Many actions have unintended consequences. Assessment programs are no exception. When conducting assessments for development, most companies are looking to provide useful feedback to employees and to get them on the road to performance improvement. But other things have been known to occur, including:
Positive Internal Movement. After providing feedback, people may come back and say, “Now that I know what’s really expected in this job, maybe I belong somewhere else.” Besides requiring a lot of guts, this type of statement also reflects tremendous insight and is an opportunity for the company to retain a potentially valuable employee who is not being properly utilized.
Resolution of Employee Conflict. A client recently indicated that he thought an assessment program was a particular success. Was it because they had made better hires? Or that the supervisors had improved so much? No. Rather, there was one supervisor who thought that his negative performance reviews were due to his race, not his actual performance. Having a third party evaluate his skills and abilities apparently convinced him that he wasn’t being picked on, but really needed to improve. The client indicated that the problems and conflicts with this supervisor were drastically reduced.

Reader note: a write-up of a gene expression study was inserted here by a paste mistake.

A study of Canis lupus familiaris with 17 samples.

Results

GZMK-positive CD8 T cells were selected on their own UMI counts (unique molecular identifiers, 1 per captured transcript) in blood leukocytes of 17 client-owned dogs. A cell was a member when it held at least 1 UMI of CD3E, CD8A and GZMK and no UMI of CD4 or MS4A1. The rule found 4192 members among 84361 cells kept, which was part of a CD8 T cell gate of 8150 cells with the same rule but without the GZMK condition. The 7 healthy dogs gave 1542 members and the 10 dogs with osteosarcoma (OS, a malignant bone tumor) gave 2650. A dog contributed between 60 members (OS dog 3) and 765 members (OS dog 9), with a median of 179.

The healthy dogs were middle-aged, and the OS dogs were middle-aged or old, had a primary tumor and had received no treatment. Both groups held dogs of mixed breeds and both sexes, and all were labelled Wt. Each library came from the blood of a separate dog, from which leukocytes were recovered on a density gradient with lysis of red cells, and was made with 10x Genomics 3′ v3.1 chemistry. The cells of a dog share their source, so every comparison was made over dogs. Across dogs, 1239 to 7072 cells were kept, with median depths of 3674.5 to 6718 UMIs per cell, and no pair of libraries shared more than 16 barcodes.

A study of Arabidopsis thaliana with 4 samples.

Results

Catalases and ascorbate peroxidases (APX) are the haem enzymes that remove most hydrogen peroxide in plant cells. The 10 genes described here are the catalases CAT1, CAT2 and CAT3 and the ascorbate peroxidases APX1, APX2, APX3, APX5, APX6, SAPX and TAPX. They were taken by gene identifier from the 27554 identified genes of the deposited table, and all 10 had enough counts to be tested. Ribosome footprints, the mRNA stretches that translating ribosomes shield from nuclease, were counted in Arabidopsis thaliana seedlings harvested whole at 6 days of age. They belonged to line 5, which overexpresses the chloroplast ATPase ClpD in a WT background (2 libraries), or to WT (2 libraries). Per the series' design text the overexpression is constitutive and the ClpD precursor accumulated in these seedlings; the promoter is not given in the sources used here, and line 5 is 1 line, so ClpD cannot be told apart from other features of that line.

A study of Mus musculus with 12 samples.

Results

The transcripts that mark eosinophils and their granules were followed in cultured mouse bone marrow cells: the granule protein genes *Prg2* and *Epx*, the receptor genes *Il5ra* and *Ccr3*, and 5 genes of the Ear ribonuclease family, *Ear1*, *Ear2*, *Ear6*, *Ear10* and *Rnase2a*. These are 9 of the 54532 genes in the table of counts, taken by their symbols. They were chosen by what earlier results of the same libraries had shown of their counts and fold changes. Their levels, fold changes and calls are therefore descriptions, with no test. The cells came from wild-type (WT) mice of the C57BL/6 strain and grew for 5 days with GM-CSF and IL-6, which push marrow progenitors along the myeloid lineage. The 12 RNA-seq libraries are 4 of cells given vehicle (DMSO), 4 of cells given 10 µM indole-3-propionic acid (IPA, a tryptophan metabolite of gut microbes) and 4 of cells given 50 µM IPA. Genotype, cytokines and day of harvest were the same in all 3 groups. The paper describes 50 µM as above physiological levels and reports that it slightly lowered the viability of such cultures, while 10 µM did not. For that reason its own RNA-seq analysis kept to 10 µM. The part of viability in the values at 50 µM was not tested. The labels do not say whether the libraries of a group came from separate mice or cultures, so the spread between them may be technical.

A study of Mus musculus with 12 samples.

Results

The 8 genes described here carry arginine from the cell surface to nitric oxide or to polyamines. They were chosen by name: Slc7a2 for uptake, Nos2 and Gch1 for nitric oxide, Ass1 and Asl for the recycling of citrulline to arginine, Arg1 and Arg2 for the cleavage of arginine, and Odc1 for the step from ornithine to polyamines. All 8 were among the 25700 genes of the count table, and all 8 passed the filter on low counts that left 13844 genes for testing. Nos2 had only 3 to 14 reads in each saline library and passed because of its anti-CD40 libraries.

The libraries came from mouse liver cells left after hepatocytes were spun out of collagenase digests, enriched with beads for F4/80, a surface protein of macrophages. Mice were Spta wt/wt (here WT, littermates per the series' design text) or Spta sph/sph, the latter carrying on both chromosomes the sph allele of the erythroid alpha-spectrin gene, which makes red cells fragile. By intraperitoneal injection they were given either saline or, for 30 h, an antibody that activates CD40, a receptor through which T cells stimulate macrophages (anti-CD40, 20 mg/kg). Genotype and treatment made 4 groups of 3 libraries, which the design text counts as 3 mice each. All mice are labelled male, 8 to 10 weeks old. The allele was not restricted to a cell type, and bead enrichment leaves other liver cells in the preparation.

Improved Morale. A frequent finding with employee engagement surveys is that people want more training and development. Putting people through an assessment program for development (and following-through with the development) shows them that the company is investing in them. Clients indicate that this leads to increase commitment and loyalty.
Fortunately, we are not always as smart as we think we are when anticipating the outcomes of programs we implement. While it is important to consider potential negative consequences (e.g., what happens when there is assessment for development but no resources to back it up), be open to other good things that may come from evaluating the skills and abilities of your employees.
For more information on pre-employment testing, skills assessment, employee engagement, and talent management, please contact Warren at 310 670-4175 or firstname.lastname@example.org.